On top of this, the atmosphere rarely hits the heights it did in the first game. A trip through a burning doll’s factory has its moments – particularly once the establishment’s nasty little denizens come crawling their way towards you – but is it a match for the mannequin-haunted department store of the original? Not on your Nelly. An exploration of a mysteriously deserted agency building also has its share of chills, with the game throwing in every blurred-vision, creepy static, weird stuff going on at the edge of view trick you’ve ever seen in a Japanese horror film. But then the effect of this is spoilt by a shockingly ham-fisted stretch of more conventional FPS gunplay. For every genuinely engaging puzzle or nice bit of criminal investigation, there’s a dumb boss battle, a tiresome gang brawl or a bit where you just can’t work out where you’re meant to be going or what you’re meant to be doing – partly because the game can be absurdly sensitive about where you have to stand to invoke a particular action (you can only crawl under or climb over objects at particular scripted points).
Does this stop Condemned 2 being a hugely potent nightmare experience from time to time? No, but like a lot of nightmares it doesn’t really hold up to close scrutiny. More seriously, you have to wonder after a while what the pleasure is in playing the game. Condemned 2 is so dark, so gruesome, so relentlessly violent, remorseless and lacking in any discernible humanity that it’s actually a pretty unpleasant experience for much of its running time. I won’t go all moral about it and say ‘ban this sick filth’. Tastes differ and if you enjoy bludgeoning hundreds of people to death in a variety of brutal ways then this may be the best title you’ll play all year. All the same, I can’t say it’s a game that leaves me feeling good. Maybe that’s the point, but if so then I’m not sure that the game has any other effects to compensate. Great works of horror can be exciting or cathartic. They can confront human fears or obsessions in really powerful and interesting ways. Unless you’re really, really concerned about urban breakdown and the hoodie menace, I’m not sure that any of the above can be said about Condemned 2.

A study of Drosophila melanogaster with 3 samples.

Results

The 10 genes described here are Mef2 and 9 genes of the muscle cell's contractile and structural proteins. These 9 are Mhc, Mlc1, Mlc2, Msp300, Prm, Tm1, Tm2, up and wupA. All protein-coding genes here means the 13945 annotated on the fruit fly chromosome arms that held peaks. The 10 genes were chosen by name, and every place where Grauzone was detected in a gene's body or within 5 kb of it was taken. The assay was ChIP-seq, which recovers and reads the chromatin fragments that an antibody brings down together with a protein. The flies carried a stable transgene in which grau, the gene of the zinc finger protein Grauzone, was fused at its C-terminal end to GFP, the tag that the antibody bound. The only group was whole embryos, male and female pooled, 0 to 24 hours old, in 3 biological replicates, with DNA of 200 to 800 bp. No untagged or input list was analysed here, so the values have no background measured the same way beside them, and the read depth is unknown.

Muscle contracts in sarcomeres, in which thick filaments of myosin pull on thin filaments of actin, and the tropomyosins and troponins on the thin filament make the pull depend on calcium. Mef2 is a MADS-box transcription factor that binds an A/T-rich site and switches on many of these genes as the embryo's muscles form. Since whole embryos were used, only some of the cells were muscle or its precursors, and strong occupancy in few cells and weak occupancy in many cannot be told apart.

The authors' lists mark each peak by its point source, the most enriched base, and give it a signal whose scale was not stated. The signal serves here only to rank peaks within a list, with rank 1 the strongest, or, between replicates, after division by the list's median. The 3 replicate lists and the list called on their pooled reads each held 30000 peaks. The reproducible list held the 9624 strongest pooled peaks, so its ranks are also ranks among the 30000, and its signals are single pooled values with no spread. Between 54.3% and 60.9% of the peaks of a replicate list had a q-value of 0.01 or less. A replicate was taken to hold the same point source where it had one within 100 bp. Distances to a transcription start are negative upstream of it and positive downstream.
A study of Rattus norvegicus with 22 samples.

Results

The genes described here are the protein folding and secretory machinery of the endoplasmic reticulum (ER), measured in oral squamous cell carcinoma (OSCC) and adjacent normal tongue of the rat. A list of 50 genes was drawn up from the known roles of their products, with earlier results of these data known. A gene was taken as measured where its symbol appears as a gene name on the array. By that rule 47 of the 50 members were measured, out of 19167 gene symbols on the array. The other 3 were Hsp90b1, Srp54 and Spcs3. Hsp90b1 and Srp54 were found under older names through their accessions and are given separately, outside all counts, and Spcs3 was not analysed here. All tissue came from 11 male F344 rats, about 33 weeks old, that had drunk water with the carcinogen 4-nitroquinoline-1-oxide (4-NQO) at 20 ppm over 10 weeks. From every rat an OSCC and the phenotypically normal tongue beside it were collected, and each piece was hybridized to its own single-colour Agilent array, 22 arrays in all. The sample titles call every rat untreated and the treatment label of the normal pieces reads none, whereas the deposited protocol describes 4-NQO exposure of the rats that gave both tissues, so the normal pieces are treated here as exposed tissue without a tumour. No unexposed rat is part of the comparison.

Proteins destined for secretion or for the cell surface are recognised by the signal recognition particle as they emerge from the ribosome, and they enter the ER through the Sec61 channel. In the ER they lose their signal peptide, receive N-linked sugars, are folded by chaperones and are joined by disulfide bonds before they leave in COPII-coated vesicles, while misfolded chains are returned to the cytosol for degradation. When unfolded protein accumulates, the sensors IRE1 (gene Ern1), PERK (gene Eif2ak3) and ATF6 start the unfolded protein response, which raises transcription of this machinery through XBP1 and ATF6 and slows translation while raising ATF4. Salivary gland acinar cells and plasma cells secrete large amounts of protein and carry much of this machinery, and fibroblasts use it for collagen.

It’s frustrating, because Condemned 2 is not a shoddy effort by any means. It even packs in an online mode this time, though I suspect the emphasis on melee combat means that it won’t be a keeper long term. Let’s not be too downbeat. In two games, Monolith has started to build a world and a mythos that – pushed in the right direction – could be a Western rival to Resident Evil, Silent Hill or Project Zero. What’s more, the team is getting elements like the melee combat system, the atmosphere, the visual style and the forensic stuff absolutely spot-on right. If it could just get the rest to fall into place, then a Condemned 3 could really be a stunner. Condemned 2, however, is another case of close, but no cigar.
Another superbly atmospheric chiller with moments of real inspiration turns into a disjointed, repetitive, maniac-battering slog. Fans of torture porn might enjoy the effective scares and imaginative violence, but Condemned 2 isn’t the game it might have been.